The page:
Sunday, 20 November 2016

Procrastination: A Student Lesson in how NOT to approach coursework.

When asked to write an article for the DkIT Times, I had no hesitation.  It's not like I had anything else to do, right? Wrong. Very wrong. It's official.  I am the Queen of procrastination.  So, here it is. My honest approach to tackling assignments, reviews and pretty much anything...


When will I ever learn?  For almost three decades I have promised myself I will become one of those organised humans.  The type who can plan their days/weeks/months in advance and stick to the plan.  The type who buys a new calendar at least six months in advance and begins by writing everyone’s birthdays in nice, neat, legible writing.  The type that buys Christmas cards in the January sales and plans the following year’s summer holidays before they’ve even finished their current one.  I can organise things for other people, no problem.  I am the queen of organisation when it comes to someone else’s life.  It’s just my own agenda I have issues with.  So, can you imagine how this now plays out as a mature student, with a (non-existent) diary jammed with assignment due dates?  Not very well, let me tell you.
Here we are.  Heading into the final leg of semester one, year three (final year in Digital Humanities) and, as usual for me, it’s a case of ‘not a child in the house washed’ (not literally true, as I have five kids and I can confirm they are all very clean).  As part of our course, we must complete a dissertation on a topic of choice, related to one of our subjects.  Mine is grounded in the area of English, so comes with the added bonus of reading a large body of books.  Great, she says.  Reading is my favourite thing.  I can do that no problem.  My logical self conveniently forgets that just reading the books and articles doth not an essay make, and my dissertation proposal is due in tomorrow.  I have just typed the last word on my first draft.  I have spent months reading around the actual topic and yet completely balked at committing anything to paper (or Word).  That’s ok, says you, sure you did it.  Just in the nick of time. Well, yes. Technically this is true.  But I am omitting the fact that I have another essay due in by next week, one the week after and so on, and so on.  And, guess what? I haven’t started those either.  I hear my classmates discussing their (finished) essays on a daily basis and I seethe with envy.  When will I EVER learn? I am my own worst enemy, says my poor husband who has to listen to me moaning about deadlines for months on end.  I snap that it is just the way I work (whist secretly agreeing with him) and how l have heard that ‘creative’ people leave everything to the last minute.  He gives me the one-raised-eyebrow look and finds something to do (thus leaving me to stew in my own stress).    It is also worth noting that I do the same with newspaper reviews, blog posts, bills to be paid, car tax to be renewed, etc, etc.  I may have a PhD in Procrastination, I just have no actual paperwork for it.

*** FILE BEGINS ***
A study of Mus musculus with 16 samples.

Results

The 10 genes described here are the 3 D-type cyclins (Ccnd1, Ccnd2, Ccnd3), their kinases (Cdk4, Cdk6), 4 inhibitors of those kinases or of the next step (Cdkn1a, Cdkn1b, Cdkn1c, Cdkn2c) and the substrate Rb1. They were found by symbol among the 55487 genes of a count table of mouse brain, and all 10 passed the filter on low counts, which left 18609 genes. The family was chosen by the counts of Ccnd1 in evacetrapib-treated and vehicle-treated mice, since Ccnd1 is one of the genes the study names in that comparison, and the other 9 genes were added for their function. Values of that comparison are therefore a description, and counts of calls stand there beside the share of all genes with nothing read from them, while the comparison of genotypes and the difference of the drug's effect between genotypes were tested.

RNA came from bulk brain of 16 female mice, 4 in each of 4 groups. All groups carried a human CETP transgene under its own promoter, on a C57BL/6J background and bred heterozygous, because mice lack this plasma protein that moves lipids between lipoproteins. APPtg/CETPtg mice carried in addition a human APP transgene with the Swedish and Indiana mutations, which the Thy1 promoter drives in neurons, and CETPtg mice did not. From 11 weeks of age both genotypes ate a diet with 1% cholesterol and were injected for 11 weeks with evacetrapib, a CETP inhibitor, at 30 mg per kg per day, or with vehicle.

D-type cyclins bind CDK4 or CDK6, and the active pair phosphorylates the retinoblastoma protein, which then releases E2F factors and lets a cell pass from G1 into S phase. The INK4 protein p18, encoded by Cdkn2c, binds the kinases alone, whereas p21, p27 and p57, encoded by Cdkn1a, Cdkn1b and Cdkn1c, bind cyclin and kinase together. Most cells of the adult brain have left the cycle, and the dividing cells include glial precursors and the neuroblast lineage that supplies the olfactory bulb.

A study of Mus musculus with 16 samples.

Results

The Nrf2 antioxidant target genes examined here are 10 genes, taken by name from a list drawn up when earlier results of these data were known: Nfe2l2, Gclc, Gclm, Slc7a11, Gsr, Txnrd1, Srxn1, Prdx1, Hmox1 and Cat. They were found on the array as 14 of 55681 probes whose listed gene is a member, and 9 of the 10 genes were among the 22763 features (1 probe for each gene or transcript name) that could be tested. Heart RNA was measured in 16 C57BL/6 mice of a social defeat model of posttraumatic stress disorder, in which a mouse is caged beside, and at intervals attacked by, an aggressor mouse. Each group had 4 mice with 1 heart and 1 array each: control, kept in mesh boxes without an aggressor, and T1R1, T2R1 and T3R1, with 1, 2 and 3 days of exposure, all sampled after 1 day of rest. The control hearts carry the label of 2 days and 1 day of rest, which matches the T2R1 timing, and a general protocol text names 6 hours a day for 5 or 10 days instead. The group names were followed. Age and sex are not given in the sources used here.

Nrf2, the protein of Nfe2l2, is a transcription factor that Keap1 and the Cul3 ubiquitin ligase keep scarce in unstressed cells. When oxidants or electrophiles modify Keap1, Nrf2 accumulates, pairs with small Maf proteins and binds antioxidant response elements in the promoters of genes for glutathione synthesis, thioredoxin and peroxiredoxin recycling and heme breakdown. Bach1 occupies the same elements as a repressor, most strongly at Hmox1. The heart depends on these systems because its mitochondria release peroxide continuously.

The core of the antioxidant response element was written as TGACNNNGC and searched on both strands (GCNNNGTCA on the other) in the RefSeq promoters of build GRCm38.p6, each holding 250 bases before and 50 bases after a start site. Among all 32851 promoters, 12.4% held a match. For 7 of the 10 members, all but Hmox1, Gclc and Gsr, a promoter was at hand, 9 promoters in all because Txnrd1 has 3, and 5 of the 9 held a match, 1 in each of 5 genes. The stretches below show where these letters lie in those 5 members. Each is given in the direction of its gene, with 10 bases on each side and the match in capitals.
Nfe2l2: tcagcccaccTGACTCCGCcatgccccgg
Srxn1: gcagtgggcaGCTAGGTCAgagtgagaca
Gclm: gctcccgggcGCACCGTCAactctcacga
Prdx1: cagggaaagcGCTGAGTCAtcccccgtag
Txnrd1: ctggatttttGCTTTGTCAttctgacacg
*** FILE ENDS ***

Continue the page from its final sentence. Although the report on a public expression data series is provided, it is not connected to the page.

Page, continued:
In the spirit of honesty, I have managed to do quite well in year one and year two despite this ridiculously, and frankly, time-consuming procrastination.  I know I could make less mistakes if I was to type up essays weeks in advance, take notes as I go along or even create a document with the correct title (instead of one that is so generically titled that I have lost it in the abyss of my document folder on my archaic laptop).  I also know that this is my last chance. The great grades that I received in year one and year two do not count toward my final marks.  This is it.  I have waited twenty seven years for this degree and I am still leaving everything to the last minute.  I have not learned from my mistakes.  I am a stubborn old(ish) woman who knows she is doing this all wrong.  I have constant doubt and fear and insecurities about my work and yet I continue to say “Sure, I’ll do a bit tomorrow” or “I’ll definitely do that (really important) thing at the weekend”, whilst booking theatre tickets online or seeing what new articles have popped up on The Guardian app.  The logical part of my brain that should tell me to get OFF twitter and onto Moodle  is obviously wired incorrectly.  However, I will keep trying to cut the rhetorical red (or is it black) cable that is causing the problem and get with the actual programme.  I am also guilty of printing off reams of journal articles, reading them and forgetting to note which ones were most useful, leading to a massive re-reading session as the deadlines close in on me. There is a lesson in all this.  A moral, if you will. Stop making excuses, turn off your devices (or at least silence them), buy a sharpie and write the dates of deadlines down in a very obvious place.  Having them scribbled on a little pug calendar hidden behind a pile of books is perhaps not the best way to plan.  Trust me.  I am the perfect example of how NOT to do it!  Now, off I go to find reasons why I should not open a new Word document called ‘Sit your arse down and write’. (I may trademark this).